The Indonesian Constitution of 1945 would seem to support an argument that any Indonesian citizen born in this country, Indonesia, has a right to become its president. The Indonesian term is "orang asli" which loosely would translation to original person, and herein lies the problem. Does the term refer exclusively to indigenous Indonesians or does it also include the important and vibrant communities that trace their respective ancestries through to China, India, and the lands of the Middle East? Even more interestingly is does it include Indonesians who trace their ancestries to European roots who were born and raised in Indonesia from birth?
There has traditionally been a feeling that the highest office in the land was only opened to pribumi or indigenous Indonesians. My problem with this is that Indonesia is a socio-political construct and as such who is indigenous in this sense? Some have even gone as far as to say that one must be Javanese to gain the highest office. Unfortunately, for those that believe this, Soeharto chose one B.J. Habibie to be his Vice President. When Soeharto stepped down and Habibie became President these arguments were no longer valid. Habibie was was not Javanese.
The point of posting is not to write a 50-page tome on the merits or lack thereof of race-based politics. I can publish that research in a journal if it is good enough! Rather my intent here is in light of recent violence between religious followers and between ethnicities within Indonesia, perhaps an evaluation of race relations and politics is warranted.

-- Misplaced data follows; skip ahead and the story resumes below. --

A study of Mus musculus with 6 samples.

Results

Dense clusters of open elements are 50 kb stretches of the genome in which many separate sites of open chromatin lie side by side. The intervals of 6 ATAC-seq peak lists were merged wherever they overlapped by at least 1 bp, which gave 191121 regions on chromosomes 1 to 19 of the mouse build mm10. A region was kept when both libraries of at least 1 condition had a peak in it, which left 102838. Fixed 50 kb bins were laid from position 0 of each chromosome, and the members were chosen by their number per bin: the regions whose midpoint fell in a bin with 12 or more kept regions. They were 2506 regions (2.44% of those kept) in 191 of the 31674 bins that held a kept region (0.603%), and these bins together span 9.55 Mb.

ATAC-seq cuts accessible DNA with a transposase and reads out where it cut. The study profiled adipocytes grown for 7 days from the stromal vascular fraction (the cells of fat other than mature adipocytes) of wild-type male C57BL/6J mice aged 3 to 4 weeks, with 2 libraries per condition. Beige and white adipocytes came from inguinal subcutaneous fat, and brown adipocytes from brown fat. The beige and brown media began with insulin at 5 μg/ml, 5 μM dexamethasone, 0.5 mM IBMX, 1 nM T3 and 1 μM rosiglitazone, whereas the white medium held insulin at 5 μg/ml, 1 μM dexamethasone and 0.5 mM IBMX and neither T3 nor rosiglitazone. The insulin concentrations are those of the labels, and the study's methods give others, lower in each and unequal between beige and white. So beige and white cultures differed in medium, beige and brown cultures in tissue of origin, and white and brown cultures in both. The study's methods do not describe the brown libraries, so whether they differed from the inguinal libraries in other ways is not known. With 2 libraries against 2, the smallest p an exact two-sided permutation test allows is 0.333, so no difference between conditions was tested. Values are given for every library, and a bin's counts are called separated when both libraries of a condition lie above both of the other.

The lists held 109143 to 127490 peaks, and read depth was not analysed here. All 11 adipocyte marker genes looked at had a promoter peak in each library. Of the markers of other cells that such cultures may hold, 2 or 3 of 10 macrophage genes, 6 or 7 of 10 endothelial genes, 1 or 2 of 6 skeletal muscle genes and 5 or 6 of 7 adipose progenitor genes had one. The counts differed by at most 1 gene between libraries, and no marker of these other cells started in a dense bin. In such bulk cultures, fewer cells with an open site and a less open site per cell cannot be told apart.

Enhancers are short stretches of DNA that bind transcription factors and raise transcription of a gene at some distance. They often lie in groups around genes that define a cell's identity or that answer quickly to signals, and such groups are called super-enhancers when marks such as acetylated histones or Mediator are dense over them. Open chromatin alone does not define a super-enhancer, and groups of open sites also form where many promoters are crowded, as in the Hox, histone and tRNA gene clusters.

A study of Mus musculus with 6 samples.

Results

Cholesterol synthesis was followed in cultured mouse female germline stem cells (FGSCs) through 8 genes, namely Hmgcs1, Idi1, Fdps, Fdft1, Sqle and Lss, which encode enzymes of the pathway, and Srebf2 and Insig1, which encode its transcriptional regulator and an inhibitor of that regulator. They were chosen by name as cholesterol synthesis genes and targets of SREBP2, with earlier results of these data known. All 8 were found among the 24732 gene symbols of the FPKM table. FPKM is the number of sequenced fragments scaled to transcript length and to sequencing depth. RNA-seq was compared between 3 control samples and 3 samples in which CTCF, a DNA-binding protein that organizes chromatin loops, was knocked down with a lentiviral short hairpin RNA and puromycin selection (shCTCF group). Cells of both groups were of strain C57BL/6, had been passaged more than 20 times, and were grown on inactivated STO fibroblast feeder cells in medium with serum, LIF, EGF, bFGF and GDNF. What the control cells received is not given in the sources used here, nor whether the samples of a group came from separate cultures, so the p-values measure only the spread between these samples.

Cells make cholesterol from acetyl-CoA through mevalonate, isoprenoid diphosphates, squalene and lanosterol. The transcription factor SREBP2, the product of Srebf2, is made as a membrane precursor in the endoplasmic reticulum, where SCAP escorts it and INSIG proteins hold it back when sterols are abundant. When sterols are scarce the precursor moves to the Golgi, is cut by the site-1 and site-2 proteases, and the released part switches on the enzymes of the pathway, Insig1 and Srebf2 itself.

I feel that Indonesia must sooner or later stand up and stare down those who flame the tensions simmering within Indonesian communities. This stand has to be one for tolerance, acceptance, and unity.
Many will argue that Indonesia is about being diverse but unified (or as some claim fragmented but one) yet this is hardly played out in real life. There must be a time where Indonesians identify not as pribumi and non-pribumi, or as Arab Indonesians, or Indian Indonesians, or Chinese Indonesians, but rather as "Indonesians". Maybe there is a need to return to a more literal understanding of the ideology of Pancasila (Five Principles).
After more than 60 years of independence Indonesia is still squabbling about race, about religion, and about tolerance! The founding fathers and mothers of this nation are undoubtedly rolling in their graves!